The Kyrie Irving dilemma has ended — for now. Uncle Drew has returned, and one of the most spectacular ball handlers in the world will return to play with his team, as he should.
Irving has always been his own man, marching to the beat of his own drum. He did not play a lot in his lone season with the Duke Blue Devils, but the Cleveland Cavaliers still thought he deserved to be the No.1 pick over Big Dance flash in the pan Derrick Williams. It was the right decision, although that draft eventually yielded Kawhi Leonard, Klay Thompson and Jimmy Butler.
He signed with the Cavs after three years of failure when everyone thought he would leave. It turned out, he stayed because LeBron James was about to return. After winning a title over the Golden State Warriors, Irving’s honeymoon with the King had worn out and eventually forced his way out. Supposedly, Irving wanted to be “the man.”
Irving became “the man” in the Boston Celtics, a contender with grade-A young talent. Somehow, he also did not want to be there, and he mailed another season. He left as a free agent and signed with the Brooklyn Nets to team up with Kevin Durant. They ended up on the sideline for almost an entire season.
When Kyrie plays, you tend to forget all his off-court shenanigans and the flat Earth weirdness. He averaged 27 points — the highest in his career, as the highest scoring duo in the league with Kevin Durant, who could go down as an all-time scoring prototype.
Visionary or slacker?
Irving’s statement on his return: “My commitment has always [been] to bringing something special to Brooklyn, It wasn’t just a championship. It was unity, equality, just bigger things than just the game itself. It took quite a while and quite a few valleys to get back home, initially. So, for me, I’m just taking every day, just being grateful.”
Kyrie paid his dues financially, but if you’re part of the Brooklyn Nets brass, how do you envision a title run when your important player is “taking every day”? He just needed to step away, but this is a team game. It was a good move to grab James Harden, which made Irving the third instead of the second man. But now they have lost their depth.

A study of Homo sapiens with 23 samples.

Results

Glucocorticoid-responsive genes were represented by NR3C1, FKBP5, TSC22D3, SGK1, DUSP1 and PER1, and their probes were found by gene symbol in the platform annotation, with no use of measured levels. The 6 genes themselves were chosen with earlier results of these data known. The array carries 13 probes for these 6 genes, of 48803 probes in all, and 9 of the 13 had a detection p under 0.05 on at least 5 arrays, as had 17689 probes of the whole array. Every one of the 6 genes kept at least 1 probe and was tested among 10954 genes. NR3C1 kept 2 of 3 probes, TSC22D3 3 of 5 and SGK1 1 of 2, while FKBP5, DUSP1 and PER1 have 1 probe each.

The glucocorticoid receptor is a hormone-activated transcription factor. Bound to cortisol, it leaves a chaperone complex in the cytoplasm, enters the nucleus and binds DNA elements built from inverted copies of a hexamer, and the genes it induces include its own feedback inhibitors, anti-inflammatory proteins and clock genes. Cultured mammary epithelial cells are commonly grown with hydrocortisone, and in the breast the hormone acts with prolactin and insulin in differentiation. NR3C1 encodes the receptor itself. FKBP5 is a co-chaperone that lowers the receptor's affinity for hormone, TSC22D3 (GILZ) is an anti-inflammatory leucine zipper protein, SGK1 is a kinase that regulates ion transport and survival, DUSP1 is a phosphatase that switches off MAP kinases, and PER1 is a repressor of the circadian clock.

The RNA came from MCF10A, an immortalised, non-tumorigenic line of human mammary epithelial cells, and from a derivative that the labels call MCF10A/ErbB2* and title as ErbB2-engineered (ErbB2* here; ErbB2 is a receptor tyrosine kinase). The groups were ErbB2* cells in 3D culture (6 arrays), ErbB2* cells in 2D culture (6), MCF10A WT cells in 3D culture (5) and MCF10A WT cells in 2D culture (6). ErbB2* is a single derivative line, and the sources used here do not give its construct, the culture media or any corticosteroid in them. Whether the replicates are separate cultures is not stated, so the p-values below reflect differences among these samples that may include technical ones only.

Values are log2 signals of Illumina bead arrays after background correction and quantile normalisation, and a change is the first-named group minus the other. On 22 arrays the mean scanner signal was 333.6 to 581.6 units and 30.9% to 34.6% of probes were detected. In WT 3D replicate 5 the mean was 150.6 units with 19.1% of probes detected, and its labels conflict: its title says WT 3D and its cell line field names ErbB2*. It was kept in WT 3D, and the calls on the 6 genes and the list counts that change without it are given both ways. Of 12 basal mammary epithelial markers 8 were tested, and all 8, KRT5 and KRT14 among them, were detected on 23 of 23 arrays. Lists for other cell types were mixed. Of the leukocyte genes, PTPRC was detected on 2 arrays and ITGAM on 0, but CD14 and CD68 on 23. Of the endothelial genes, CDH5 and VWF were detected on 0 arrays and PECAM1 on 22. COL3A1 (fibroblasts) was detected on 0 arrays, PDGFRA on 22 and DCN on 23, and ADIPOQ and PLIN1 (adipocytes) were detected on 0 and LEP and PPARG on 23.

It’s infinitely harder to trade Irving now, and Steve Nash couldn’t hide his exasperation of having to deal with these “personalities.” The only thing going for them is that they’re winning actual games, the latest against the MVP and his regular season topnotchers.
If Irving is really a visionary, or if he is just a slacker who walks away, the bottom line for the Brooklyn Nets is whether he will play or not. If every game is a mystery, can Steve Nash deal with that added challenge now that you could suddenly lose five players due to contact tracing?
The Brooklyn Nets Revolution
The Nets will be contenders in the East with just Harden and Durant, but they need more players at the backend. Irving is still a plus when he plays, no matter what. It will be a defensive nightmare with those three on the court. All three can shoot outside (Harden’s slump is temporary since he was forcing himself out of Houston, he will revert to his personal mean), drive to the basket and pass competently.
The caveat is that only Durant plays decent defense. With the Bucks, Harden still had shades of his old self. He’ll take a possession off and, many times, he will just wait for the ball to come around. But they’re good enough to make that work. Harden still scores 30 points, grabs rebounds and even dishes double-digit assists.
Can a team win a title without defense? They’ll let you score, but they’ll score quicker on the other side. In the playoffs, the cliche is that defense wins championships, but the Brooklyn Nets have the personnel to break that.
The Warriors broke the notion that a jump shooting team can never win a title. But will a team with no defense do the same?